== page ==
How does the Trust manage stormwater in the Parklands?
A six-year Parklands Pond Restoration Program - aimed at minimising the impact of stormwater pollution, upgrading several of the ponds and improving water quality – was completed in 2006.
During this period a major storm event caused a partial collapse of the Kensington Pond embankment, necessitating substantial repairs and a reassessment of the suitability of the dam for a 1 in 100 year event. The embankment was subsequently raised by 1.5 metres in height and the culvert redesigned.
Gross Pollutant Traps have been installed at most stormwater entry points. Aquatic plantings have helped to improve the aquatic habitat by filtering out some dissolved pollutants such as phosphorus.
A multi-pronged European carp removal program has been implemented and native Australian bass introduced. New islands and underwater berms were constructed to prevent areas becoming stagnant.
Regular water quality analysis is undertaken to monitor the health of the ponds. Since the restoration program, testing indicates that water quality has improved.
However as a major stormwater retention basin, the ponds will always potentially be subject to environmental factors beyond the Parklands’ control. Continuing issues are turbidity, high nutrient levels, suspended silt and other solids, and warm temperatures – a response to the shallow depth. These conditions sometimes favour the development of ephemeral algal blooms.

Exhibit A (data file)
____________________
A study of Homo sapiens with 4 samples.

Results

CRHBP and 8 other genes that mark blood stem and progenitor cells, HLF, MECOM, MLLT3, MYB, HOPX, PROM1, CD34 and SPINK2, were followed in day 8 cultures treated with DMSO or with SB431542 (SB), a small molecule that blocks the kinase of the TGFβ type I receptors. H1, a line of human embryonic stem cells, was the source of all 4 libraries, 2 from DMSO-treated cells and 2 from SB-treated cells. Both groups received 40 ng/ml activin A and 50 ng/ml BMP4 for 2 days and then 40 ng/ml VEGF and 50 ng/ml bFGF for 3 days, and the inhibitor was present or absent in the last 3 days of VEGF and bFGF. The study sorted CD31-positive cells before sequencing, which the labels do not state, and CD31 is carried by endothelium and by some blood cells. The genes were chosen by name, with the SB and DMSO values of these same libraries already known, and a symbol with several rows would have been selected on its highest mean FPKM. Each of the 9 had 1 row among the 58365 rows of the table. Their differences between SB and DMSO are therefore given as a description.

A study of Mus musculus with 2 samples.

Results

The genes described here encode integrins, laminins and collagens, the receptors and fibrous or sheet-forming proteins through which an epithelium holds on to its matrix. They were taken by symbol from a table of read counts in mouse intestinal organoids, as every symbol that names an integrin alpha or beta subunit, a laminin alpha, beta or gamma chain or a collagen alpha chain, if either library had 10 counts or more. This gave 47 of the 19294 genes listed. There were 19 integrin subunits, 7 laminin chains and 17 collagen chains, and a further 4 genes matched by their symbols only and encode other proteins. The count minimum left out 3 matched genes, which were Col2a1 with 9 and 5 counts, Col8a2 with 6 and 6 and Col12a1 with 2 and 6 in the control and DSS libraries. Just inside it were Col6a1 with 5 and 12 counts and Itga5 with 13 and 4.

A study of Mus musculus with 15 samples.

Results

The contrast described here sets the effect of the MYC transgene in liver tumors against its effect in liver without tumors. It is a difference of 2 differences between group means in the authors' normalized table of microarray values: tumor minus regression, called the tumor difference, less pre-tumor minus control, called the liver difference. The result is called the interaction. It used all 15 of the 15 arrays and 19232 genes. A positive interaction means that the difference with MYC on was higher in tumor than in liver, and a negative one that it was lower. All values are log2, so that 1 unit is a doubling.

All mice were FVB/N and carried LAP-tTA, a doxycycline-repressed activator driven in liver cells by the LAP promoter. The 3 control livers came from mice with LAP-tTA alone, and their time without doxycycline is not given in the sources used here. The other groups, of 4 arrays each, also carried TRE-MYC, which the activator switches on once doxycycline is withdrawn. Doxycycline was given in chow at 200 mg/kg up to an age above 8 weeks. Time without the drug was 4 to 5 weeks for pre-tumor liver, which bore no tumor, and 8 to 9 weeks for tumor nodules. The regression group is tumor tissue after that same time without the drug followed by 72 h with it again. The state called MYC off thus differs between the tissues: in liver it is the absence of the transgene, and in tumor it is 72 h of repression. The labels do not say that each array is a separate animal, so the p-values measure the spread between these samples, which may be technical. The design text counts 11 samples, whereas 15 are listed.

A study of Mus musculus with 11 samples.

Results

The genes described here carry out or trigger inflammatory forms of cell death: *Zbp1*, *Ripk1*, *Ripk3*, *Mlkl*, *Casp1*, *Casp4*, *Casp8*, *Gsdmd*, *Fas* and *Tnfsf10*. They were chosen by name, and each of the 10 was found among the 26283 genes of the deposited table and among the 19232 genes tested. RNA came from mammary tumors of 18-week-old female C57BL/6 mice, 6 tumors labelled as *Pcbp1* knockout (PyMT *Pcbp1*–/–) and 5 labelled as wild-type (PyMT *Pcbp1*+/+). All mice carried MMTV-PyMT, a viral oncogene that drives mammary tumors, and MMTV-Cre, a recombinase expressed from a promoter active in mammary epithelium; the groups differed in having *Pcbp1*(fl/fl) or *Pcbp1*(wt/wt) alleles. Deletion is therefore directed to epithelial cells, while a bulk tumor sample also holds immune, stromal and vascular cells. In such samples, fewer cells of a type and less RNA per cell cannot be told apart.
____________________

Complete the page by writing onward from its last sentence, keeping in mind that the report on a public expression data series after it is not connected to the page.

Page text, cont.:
The ponds provide a home for large numbers of aquatic birds, and the large amount of bird faeces deposited in the water contributes to the high nitrogen and phosphorous levels that favour algal blooms.
In dry weather water flows between the ponds cease and the temporary lack of flushing of the system can lead to nutrient imbalances, de-oxygenation and sometimes sudden eutrophication.
Aquatic weed species are sometimes present. Previous severe infestations of Water Hyacinth (Eichornia crassipes) have been removed, but Mexican Water Lily (Nymphaea mexicana) originally introduced as an ornamental continues to be problematic.
The ponds in the Parklands form the largest freshwater wetland system in inner-metropolitan Sydney. Although an artificially constructed system the ponds nonetheless provide a refuge for indigenous fauna and water birds, migratory waders, fish, turtles and frogs.
An ongoing challenge
There is an ongoing need to minimise the impact of pollution from stormwater runoff into the Parklands, and to work closely with the Local Land Services, Sydney Water and local councils to continue to address these issues.